Copper alloy materials reduce bacteria in hospital rooms, study finds

Copper alloy material can reduce the bacterial load in both occupied and unoccupied patient rooms, which could reduce healthcare-associated infections, according to a study published in the American Journal of Infection Control.

A 49-bed rural hospital put copper alloy materials on surfaces like grab bars, toilet flushers, IV poles, switches, keyboards, sinks and dispensers in half of its rooms, while the other rooms maintained their plastic, metal and porcelain surfaces. Researchers then compared bacterial burden on 20 high-touch surfaces and components in control and copper rooms for 12 months, swabbing surfaces in each room regardless of if it was occupied or not.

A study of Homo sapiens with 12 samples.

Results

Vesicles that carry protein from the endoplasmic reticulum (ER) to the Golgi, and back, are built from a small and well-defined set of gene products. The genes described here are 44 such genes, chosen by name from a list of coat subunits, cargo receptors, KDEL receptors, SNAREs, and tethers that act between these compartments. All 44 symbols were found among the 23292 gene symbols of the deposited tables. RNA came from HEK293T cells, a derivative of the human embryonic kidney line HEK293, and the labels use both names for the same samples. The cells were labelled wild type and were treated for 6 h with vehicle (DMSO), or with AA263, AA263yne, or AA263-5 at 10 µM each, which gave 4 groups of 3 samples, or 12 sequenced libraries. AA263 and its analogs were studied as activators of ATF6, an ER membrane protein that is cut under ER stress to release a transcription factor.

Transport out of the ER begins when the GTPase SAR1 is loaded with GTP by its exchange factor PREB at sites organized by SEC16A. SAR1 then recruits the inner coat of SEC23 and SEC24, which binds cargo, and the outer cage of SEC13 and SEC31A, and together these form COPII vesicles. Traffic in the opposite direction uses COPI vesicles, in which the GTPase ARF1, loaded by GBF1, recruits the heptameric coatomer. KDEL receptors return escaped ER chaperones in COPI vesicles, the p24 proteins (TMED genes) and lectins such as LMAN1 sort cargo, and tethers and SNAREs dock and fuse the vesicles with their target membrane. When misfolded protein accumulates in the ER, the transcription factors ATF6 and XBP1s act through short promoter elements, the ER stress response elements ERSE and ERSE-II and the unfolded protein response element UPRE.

They found rooms with copper alloy materials had significantly lower concentrations of bacteria upon completion of terminal cleaning. Vacant rooms with traditional surfaces harbored "significant traces of bacteria," while those with copper alloys had much lower bacterial burden.

"This study is the first to demonstrate that copper alloy surfaces maintain reduced bacterial numbers in unoccupied and occupied control rooms," said Shannon Hinsa-Leasure, PhD, an associate professor of biology at Grinnell (Iowa) College and the study's leader. "This is in contrast to control rooms, where bacterial numbers rebound following terminal cleaning to levels comparable to those found in occupied control rooms. This is key to protecting newly admitted patients from contracting infections through commonly touched surfaces, even when they are considered clean, and is integral to an effective infection-control strategy."